Clouds and comrades gathered in Elkin recently as about 300 hikers, bikers and paddlers celebrated the Mountains-to-Sea Trail.
As the sight of the first official Gathering of the Friends of the trail in 2017, Elkin had set a high standard with a weekend of special activities planned with the trails enthusiasts in mind.
This year was expected to exceed that precedence with cannon fire and cavalry at the Overmuntain Victory Trail Encampment and popular Moonshine and Still Search hikes over the March 23-25 weekend. However, the weather had other plans.
“We want everyone to be safe,” said Kate Dixon, executive director as hikes were cancelled throughout the weekend.
Friends Outreach Director Betsy Brown echoed those thoughts, “We want you to have fun, but safety is our priority.”
Weather warnings started on Friday as hikers took advantage of the sunshine before it slipped away, walking the downtown with Main Street and Community Manager Laura Gaylord, who shared historical tidbits along the way.
Other Friday hikes guided by Elkin Valley Trails Association members also were enjoyed before the group hosted dinner at Coley Hall at The Liberty. The meal provided by Roxxi and Lulu’s was finished with regional favorite dessert, sonkers.
Although the word is suggested to be descended from local Scottish immigrants, people outside of Surry and Wilkes counties are mostly unfamiliar with the name for the exceptionally juicy cobbler-like dish.
Well-fed and rested the Friends returned to Coley Hall on Saturday where weather worries slid aside as the room celebrated the accomplishments of the past year, including hiking the trail in a Day in September.
“As far as we know,” said Jerry Barker, “no one has ever successfully hiked a whole trail like this before. Others have tried it, but we’re the only one who actually did it.”
Barker, who chaired the committee that organized the event, stated other trail organizations had contacted him for tips on how to effectively complete their own trail-in-a-day programs.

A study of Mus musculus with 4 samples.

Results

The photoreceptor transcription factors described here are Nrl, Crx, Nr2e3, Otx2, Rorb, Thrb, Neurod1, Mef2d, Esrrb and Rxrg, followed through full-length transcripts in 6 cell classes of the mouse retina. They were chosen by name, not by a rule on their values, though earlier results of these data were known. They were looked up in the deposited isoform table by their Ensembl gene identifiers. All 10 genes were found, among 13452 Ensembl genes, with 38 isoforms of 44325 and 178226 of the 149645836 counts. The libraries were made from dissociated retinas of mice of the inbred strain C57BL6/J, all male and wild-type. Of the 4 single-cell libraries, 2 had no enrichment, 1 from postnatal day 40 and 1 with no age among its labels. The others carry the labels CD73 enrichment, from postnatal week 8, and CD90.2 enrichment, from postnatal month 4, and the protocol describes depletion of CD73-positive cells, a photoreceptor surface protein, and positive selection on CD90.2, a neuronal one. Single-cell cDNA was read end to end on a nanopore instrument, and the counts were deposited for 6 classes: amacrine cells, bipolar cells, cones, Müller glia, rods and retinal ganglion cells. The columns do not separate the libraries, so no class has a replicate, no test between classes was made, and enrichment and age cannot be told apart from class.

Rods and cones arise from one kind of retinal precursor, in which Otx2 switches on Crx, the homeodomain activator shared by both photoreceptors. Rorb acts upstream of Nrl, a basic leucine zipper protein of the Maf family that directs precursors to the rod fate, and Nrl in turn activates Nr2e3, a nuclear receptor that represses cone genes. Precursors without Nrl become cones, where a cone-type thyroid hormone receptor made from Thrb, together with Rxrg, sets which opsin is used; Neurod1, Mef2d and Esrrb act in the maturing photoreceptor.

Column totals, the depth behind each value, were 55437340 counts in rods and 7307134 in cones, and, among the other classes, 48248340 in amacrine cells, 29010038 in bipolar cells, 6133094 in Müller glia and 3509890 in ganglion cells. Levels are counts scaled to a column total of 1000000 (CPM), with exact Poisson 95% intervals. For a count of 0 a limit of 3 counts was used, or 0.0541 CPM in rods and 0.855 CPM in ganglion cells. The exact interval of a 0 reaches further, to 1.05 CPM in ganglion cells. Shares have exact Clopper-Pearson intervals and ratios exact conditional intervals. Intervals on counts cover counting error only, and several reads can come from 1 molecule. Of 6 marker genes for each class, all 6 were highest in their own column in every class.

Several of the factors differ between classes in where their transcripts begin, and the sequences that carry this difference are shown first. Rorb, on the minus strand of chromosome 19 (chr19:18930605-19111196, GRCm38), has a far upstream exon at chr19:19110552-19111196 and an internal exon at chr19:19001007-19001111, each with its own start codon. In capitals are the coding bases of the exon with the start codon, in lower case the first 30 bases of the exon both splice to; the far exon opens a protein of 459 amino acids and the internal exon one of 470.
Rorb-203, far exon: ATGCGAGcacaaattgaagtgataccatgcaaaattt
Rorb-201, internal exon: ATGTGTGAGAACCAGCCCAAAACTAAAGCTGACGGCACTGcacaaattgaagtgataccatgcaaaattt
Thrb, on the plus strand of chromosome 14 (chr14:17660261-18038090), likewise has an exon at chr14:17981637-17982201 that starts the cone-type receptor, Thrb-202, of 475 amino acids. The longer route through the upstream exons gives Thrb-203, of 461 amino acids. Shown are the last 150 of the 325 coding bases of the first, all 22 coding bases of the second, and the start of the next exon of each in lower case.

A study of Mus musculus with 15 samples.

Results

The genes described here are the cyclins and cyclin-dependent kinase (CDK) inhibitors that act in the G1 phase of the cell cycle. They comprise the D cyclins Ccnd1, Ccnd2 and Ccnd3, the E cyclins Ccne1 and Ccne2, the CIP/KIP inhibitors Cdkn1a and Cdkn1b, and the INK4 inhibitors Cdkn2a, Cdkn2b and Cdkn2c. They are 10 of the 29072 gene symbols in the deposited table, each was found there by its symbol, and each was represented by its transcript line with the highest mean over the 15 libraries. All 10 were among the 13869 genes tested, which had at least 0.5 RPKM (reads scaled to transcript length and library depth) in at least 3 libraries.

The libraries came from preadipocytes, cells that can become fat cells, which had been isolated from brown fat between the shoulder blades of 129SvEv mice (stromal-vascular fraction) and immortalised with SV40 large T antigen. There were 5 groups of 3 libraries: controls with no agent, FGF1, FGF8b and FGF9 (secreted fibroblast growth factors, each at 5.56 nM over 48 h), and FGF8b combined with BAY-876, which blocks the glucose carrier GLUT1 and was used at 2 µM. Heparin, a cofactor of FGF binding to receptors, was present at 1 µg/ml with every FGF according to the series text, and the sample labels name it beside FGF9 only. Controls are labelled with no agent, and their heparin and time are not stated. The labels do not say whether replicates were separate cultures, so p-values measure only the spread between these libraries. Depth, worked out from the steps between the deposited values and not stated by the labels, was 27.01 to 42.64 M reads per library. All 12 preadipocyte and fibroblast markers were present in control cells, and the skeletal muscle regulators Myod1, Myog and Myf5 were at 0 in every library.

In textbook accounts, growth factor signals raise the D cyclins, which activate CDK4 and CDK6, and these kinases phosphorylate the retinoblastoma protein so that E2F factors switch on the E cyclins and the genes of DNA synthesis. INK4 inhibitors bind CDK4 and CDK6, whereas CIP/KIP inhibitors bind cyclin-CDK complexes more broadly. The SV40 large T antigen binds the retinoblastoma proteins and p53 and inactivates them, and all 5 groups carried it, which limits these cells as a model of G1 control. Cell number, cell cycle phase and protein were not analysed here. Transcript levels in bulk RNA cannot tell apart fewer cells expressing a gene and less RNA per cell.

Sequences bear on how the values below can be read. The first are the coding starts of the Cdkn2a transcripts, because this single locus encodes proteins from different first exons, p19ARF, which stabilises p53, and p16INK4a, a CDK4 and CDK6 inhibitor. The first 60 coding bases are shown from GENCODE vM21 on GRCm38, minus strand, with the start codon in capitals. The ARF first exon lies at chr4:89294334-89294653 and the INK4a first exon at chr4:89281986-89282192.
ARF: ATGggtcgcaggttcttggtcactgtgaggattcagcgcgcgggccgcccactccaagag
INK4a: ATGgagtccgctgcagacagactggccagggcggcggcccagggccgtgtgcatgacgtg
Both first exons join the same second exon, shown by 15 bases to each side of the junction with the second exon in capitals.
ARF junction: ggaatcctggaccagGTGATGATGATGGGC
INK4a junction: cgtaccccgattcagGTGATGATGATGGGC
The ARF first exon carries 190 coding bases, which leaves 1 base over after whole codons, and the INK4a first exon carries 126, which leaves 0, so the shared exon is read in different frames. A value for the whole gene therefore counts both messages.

Several people were celebrated for completing the trail individually, although some of them took considerably longer than a day.
Whether hiking to promote the trail as Jennifer Pharr Davis did, or to complete a decades-long adventure as Miriam Ash-Jones, the trail had special meaning for each traveler.
“When I feel symptoms come on, I’ve just got to get out on the trail,” said post-traumatic stress disorder survivor Jude Rodrigue, who took the adventure as a part of the Warrior Expeditions veterans program.
Although the room warmly received Rodrigue with a standing ovation, the weather was chilled, causing attendees to be more grateful than usual for the change of venue for the next gathering.
Surf City Mayor Doug Medlin was enthusiastic in welcoming the group to his town next year.
“We really are excited to have you all,” said Medlin, speaking of turtle hatcheries along the coast. “We’ll even teach you how to surf.”
Medlin brought several gifts from Surf City for the door prizes, which included tasty treats as well as memorabilia, to go along with other items by sponsors REI Co-op and the Great Outdoor Provision Company.
The greatest prize of the weekend may have been the motivation left behind.
“It was a great success despite the weather,” said Elkin Mayor Sam Bishop.
“This was our second gathering and the delegates from all across the state were very impressed with what we have done with our trails,” he said. “A major thanks to the EVTA and town staff for their efforts in making the event successful. Even though the gathering is moving to another trail town for next year, we will continue to court them and other groups to come to Elkin for their annual meetings.”
For more information about the Mountains-To-Sea Trail, including guides and trail updates, go to mountainstoseatrail.org.
Beanie Taylor can be reached at 336-258-4058 or on Facebook at www.facebook.com/TBeanieTaylor.